How to Paint Gemstones with Gemstone Paints
Citadel's new Gemstone paints seem to be the hotness lately. For those of you who are unfamiliar with the new Citadel Gemstone technical paints, they are a new line of translucent glossy paints. The purpose of them is to give you good looking gems without a bunch of hassle doing them the "old fashioned way". A lot of folks have really liked the gradient undercoat for the gems I did testing on. So I thought a quick tutorial is in order.
This tutorial will follow the gradient technique that I used in my testing for the Gemstone paints review.
Since this is a quick one, I just used an old High Elf halberd I had laying around. I chose Spiritstone Red as the example color, because I like it the most and I think it shows the effect best.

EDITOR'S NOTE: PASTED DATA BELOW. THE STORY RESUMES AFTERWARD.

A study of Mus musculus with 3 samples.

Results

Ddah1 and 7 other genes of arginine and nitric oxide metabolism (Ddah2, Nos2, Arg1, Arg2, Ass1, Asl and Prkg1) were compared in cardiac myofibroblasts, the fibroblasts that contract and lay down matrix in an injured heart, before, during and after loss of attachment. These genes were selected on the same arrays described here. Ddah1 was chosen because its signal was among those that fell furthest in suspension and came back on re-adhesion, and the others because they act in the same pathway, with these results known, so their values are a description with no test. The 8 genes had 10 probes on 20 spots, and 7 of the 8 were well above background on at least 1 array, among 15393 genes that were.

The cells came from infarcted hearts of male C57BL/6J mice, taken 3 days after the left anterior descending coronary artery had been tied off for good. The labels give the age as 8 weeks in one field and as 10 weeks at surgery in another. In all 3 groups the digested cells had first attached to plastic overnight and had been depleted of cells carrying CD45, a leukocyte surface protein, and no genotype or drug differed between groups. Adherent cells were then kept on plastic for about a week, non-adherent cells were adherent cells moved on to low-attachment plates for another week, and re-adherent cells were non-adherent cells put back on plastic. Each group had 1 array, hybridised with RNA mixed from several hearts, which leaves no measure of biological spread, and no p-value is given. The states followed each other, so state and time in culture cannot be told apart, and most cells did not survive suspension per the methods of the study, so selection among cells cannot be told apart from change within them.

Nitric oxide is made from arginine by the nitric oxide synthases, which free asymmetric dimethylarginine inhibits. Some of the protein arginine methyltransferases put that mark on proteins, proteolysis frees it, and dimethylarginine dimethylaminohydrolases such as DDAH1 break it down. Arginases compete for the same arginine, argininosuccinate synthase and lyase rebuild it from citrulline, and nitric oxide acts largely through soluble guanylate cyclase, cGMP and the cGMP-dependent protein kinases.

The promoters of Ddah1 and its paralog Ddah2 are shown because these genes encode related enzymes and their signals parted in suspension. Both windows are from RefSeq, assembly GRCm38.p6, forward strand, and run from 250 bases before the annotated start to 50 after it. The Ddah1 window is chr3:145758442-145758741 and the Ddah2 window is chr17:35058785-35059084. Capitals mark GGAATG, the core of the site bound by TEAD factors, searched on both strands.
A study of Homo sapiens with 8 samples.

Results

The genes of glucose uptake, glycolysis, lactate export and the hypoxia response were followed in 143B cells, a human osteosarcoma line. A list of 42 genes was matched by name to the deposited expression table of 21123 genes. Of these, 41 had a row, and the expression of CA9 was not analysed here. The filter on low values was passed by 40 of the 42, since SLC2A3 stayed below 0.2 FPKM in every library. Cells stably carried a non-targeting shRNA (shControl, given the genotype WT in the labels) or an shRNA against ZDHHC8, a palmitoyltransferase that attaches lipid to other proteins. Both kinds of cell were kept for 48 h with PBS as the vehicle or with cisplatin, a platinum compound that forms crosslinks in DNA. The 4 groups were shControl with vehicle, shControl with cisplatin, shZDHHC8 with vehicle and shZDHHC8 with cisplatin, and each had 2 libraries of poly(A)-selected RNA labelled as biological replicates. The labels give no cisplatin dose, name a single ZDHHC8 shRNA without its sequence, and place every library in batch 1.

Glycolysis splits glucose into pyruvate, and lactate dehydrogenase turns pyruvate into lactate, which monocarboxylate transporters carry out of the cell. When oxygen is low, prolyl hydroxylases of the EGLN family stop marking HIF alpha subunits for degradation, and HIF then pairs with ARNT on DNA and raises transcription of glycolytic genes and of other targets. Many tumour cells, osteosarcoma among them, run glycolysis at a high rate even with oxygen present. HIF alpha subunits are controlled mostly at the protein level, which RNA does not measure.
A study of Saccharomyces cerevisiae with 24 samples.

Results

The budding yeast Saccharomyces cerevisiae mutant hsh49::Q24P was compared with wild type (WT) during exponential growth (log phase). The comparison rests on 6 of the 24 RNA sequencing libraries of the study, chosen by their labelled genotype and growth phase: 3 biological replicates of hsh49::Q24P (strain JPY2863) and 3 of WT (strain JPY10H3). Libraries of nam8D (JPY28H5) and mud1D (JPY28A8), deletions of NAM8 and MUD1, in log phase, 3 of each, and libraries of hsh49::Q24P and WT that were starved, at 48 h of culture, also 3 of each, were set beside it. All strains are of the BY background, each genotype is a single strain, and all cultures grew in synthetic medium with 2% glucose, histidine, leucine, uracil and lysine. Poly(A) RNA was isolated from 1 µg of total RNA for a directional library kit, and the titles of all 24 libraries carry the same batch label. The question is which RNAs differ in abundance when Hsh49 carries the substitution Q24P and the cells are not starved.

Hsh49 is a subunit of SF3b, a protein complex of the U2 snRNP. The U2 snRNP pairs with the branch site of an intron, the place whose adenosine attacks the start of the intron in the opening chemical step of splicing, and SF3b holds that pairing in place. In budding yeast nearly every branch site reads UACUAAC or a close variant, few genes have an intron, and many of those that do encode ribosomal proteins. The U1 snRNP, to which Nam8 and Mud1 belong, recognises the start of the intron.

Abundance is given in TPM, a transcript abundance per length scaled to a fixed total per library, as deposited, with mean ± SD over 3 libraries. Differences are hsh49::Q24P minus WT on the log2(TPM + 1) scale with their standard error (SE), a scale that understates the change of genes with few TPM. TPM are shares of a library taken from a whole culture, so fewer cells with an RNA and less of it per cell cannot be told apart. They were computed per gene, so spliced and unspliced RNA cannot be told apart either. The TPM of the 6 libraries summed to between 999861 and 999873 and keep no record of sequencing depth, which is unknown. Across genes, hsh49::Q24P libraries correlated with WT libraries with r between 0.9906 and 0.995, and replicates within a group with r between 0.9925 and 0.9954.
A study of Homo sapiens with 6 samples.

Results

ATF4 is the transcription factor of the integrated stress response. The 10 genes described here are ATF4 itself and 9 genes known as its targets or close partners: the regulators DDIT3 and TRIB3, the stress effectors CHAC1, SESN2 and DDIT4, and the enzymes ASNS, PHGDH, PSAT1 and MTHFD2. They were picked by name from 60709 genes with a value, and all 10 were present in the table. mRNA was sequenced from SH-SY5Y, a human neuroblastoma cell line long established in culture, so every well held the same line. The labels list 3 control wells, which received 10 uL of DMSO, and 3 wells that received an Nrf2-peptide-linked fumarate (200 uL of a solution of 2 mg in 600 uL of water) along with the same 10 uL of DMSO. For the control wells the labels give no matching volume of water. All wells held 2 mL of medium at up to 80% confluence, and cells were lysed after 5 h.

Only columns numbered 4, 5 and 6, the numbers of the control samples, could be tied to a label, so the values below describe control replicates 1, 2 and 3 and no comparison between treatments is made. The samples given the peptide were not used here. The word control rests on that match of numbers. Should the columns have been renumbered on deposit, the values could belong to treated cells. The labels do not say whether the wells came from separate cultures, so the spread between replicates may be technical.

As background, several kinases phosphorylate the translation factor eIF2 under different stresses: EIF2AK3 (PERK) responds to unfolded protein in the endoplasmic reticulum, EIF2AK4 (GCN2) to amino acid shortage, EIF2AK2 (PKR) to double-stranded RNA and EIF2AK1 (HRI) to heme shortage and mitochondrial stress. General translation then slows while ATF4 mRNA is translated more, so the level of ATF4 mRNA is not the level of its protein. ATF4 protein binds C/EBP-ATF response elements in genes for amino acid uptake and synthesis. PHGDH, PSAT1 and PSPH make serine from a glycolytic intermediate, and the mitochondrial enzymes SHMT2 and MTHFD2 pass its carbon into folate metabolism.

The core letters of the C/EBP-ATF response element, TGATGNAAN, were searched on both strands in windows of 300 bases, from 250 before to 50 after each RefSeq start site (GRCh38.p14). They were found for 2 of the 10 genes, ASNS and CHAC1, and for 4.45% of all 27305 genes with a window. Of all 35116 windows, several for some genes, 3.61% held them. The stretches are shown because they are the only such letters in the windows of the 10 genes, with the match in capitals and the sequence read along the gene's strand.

For this tutorial we will be using the following colors:
- Citadel Abaddon Black
- Citadel Leadbelcher
- Citadel Ironbreaker
- Citadel Stormhost Silver
- Citadel Technical Spiritstone Red
- The gemstone paint is kind of like a gloss varnish with color added into it. It doesn't like being thinned, so be careful how much water is on the paint bristles.
- The same goes for Citadel's metallics, they can be really picky about how thin they can go while still holding together. Out of all of my paints, these are the only ones I usually use straight from the pot.
- If you plan on matte varnishing the model after the gemstone paint is on, it will dull the finish of the gems, requiring a reapplication of gloss varnish to each gem in order to make them shiny again.
Base Coat - Abaddon Black
Layer One - Leadbelcher
Layer Two - Ironbreaker
Highlight - Stormhost Silver
Technical - Spiritstone Red
After a quick touch of gold around the edge trimming, it looks all nice and pretty.
Until next time! Til then you can catch me on Twitter and Instagram @ryglore. Thanks for reading!